Ah, life before horse trailers.
That simple time when horses were horses and no one travelled further or faster than their trusty steed could carry them. Or did they?
While shipping horses in trailers designed to be pulled by motorized vehicles didn’t become a viable option until the 1950s, (1912, for short distances), humans have successfully transported horses across seas and nations since before Christ. It just wasn’t necessarily a pleasant experience at the time.
Let’s take turn back the clock and look at trailering through ages…
The simplest way to transport horses long distances before the invention of the horse trailer was, you guessed it, on foot. It was also the most time consuming (see: walking), least accessible (weather and terrain permitting) and most likely to exhaust your horse.
According to the Museum of the Horse, British socialite/adventurer Lady Hester Stanhope records that her brother James once rode a horse for 2,000 miles—at one point, travelling 900 miles without resting and only dried peas to eat. Fun road trip, brah!
Lady Hester also travelled on horseback. But presumably not 900 miles without stopping.
If history tells us one thing, it’s that humans are nothing if not industrious. Particularly if there’s a war to be won.
Shipping horses by sea is one such example of that. The practice dates back to Ancient Greece—with the earliest known record courtesy of Greek historian Herodotus via a seal impressed with a horse in a boat from 1500 B.C. To be clear, that’s 1500 years BEFORE our calendar even started.
By the early Middle Ages (fifth century), horses were being transported in boats for the purposes of war.
That practise, as depicted in this section from the Bayeux Tapestry, which shows horses being unloaded during William the Conqueror’s invasion of England in 1066, was adopted by Europeans as early at the 10th Century. William, it’s worth noting, brought more than 2000 horses with him across the Channel. By row boat.
If shipping horses on oar-powered boats sounds like a terrible, terrible idea, it was even worse in practice. The animals were usually slung in slings on deck, or tethered tightly and boxed into compartments in the hold, which, unsurprisingly, often resulted in death.
Also, there were no loading ramps for horses at the time, so getting them on and off the ship presented its own special peril. Many were simply thrown overboard upon arrival.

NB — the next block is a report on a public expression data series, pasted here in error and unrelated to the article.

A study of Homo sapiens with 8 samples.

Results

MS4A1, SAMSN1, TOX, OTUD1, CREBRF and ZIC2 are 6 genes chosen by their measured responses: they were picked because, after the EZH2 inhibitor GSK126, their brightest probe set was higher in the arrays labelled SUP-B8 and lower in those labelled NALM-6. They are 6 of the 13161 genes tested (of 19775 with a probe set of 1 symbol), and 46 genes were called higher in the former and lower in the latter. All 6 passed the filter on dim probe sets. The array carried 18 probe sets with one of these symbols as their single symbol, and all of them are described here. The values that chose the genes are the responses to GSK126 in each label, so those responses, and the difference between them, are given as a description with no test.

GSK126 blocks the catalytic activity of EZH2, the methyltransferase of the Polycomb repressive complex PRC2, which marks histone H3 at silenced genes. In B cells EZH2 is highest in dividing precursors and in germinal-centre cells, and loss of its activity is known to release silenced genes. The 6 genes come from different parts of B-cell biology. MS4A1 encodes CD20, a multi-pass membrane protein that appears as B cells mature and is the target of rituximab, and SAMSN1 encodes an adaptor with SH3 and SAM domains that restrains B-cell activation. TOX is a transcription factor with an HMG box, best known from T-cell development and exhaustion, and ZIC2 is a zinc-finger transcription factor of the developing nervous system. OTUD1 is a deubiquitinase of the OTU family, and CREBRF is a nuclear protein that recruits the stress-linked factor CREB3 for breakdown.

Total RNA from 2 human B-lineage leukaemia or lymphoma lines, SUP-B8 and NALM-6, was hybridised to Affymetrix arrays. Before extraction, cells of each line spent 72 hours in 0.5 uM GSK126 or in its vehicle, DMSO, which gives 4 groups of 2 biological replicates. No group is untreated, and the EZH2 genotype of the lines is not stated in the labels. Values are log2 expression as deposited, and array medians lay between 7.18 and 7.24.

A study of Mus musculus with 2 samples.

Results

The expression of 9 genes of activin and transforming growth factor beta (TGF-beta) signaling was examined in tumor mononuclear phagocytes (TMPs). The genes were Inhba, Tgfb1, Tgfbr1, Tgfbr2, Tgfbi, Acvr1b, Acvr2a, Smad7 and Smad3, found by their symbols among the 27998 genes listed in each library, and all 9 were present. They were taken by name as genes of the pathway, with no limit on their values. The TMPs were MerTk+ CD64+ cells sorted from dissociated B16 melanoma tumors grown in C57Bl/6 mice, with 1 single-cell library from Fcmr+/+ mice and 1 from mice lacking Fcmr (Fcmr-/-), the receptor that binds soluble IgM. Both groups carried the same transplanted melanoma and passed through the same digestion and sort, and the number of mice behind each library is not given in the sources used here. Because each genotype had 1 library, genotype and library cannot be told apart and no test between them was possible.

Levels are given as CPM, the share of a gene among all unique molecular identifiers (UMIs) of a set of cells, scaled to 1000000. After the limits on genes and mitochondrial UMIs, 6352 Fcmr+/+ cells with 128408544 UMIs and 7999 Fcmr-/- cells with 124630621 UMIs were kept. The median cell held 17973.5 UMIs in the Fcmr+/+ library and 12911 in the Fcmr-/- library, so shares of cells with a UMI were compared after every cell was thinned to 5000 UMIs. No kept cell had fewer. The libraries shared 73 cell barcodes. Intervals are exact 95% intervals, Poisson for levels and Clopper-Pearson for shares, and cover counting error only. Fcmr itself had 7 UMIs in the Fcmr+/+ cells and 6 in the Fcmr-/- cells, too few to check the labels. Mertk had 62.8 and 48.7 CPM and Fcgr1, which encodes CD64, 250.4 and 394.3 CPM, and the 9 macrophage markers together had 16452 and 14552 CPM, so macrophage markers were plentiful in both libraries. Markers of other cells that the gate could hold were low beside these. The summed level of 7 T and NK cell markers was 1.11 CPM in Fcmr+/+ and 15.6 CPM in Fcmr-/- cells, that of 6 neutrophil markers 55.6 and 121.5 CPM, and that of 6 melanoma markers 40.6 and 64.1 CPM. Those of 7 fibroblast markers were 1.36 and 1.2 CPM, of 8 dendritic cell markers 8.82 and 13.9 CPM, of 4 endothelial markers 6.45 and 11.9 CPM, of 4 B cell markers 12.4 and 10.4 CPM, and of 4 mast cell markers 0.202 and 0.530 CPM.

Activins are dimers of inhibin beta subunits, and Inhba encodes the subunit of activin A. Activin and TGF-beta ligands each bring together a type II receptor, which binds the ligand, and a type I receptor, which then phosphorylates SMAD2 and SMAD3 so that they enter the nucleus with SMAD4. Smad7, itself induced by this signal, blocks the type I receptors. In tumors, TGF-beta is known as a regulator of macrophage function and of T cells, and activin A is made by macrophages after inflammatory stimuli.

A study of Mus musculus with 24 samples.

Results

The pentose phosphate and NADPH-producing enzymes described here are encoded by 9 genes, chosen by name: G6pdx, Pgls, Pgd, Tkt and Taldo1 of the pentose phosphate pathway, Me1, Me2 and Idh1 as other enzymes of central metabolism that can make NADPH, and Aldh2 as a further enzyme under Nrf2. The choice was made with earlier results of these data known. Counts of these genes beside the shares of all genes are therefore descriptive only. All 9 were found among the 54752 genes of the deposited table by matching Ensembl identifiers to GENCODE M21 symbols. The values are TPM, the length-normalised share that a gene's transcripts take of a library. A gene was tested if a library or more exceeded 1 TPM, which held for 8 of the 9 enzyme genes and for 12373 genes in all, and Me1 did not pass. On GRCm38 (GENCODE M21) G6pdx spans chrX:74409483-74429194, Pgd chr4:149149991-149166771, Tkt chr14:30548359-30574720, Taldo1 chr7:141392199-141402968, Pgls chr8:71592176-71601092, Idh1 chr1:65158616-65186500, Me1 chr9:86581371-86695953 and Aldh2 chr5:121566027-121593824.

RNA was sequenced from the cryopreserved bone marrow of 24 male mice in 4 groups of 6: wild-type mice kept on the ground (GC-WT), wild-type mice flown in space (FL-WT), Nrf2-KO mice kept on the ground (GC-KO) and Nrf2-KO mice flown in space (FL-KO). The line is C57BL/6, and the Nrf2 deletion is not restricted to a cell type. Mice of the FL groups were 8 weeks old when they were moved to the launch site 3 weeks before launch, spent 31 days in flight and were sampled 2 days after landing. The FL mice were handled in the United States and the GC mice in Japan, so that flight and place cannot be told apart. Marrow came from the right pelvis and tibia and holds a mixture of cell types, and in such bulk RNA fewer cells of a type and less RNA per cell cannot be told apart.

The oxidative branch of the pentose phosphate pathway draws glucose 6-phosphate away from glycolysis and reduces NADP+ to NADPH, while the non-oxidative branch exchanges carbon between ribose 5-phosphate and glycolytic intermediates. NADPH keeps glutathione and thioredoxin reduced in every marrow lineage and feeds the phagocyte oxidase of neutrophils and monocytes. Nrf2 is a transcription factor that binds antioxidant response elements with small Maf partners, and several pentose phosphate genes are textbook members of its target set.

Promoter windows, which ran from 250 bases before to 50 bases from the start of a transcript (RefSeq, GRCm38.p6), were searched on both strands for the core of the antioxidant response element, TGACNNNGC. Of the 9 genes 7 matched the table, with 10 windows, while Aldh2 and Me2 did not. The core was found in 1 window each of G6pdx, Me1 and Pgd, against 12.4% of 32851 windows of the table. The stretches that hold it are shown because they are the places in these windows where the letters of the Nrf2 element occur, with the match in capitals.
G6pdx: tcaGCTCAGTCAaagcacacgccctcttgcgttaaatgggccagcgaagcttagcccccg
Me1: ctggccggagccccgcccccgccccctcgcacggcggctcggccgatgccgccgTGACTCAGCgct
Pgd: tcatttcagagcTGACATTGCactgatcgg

Despite the dubious logic of that system, it’d be seven centuries before General William Carter, of the US Army Veterinary Corps, came out with research suggesting that restraints such as slings were not, in fact, suitable for horses. Let’s hope someone gave that man a medal.
Come the 18th Century, horse “vanning” was introduced as an effective means of shipping horses long distances by land. Vanning involved horses hauling other horses as cargo. Unnatural? Sure. Slow? You bet. But effective? Indeed!
The first incidence of vanning dates back to 1771 when an adapted horse-drawn van was created to spare the bad feet of famed British racehorse Eclipse from the long journey to the stud farm where he would begin his new vocation. Thus, ended one historic career and began the official history of the “horse trailer.”
The practice didn’t become common, however, until the 1830s.
Once again, it was the fortunes of men that inspired the shift. In 1836, trainer John Doe convinced the owner of a racehorse called Elis to drive his steed in a horse-drawn wagon to Doncaster racetrack in England, which was a fair distance from his stable. Elis won the race at such high odds that British trainers all over soon adopted the practice.
With the rapid expansion of the railways in the 20th Century, train travel became a viable option for shipping horses quickly over long distances. There was just one problem: horses don’t actually enjoy being enclosed in dark, rattling boxes.
J Wortley Axe, a former president of the Royal College of Veterinary Surgeons, wrote in 1905 that the loud conditions on board the train and short tethers used to restrain the animals seemed intentionally designed to spook horses.
German Federal Archive. Description: Sowjetunion, Süd.- Verladen von Pferden in einen Zug “Soviet Union, South.- Horses being loaded into a train.” August 1942
It was at this time that trade in leg wraps, shipping blankets, head bumpers and other protective gear began, a practice widely used today.
Trailer models have evolved over the past seventy odd years from open boxes on wheels to the comparative comfort of roomy box stalls and air ride suspension. So next time your horse gripes about his ride, you can assure him that he has it far better off than his ill-fated precedessors.
Or, you know, just give him a carrot.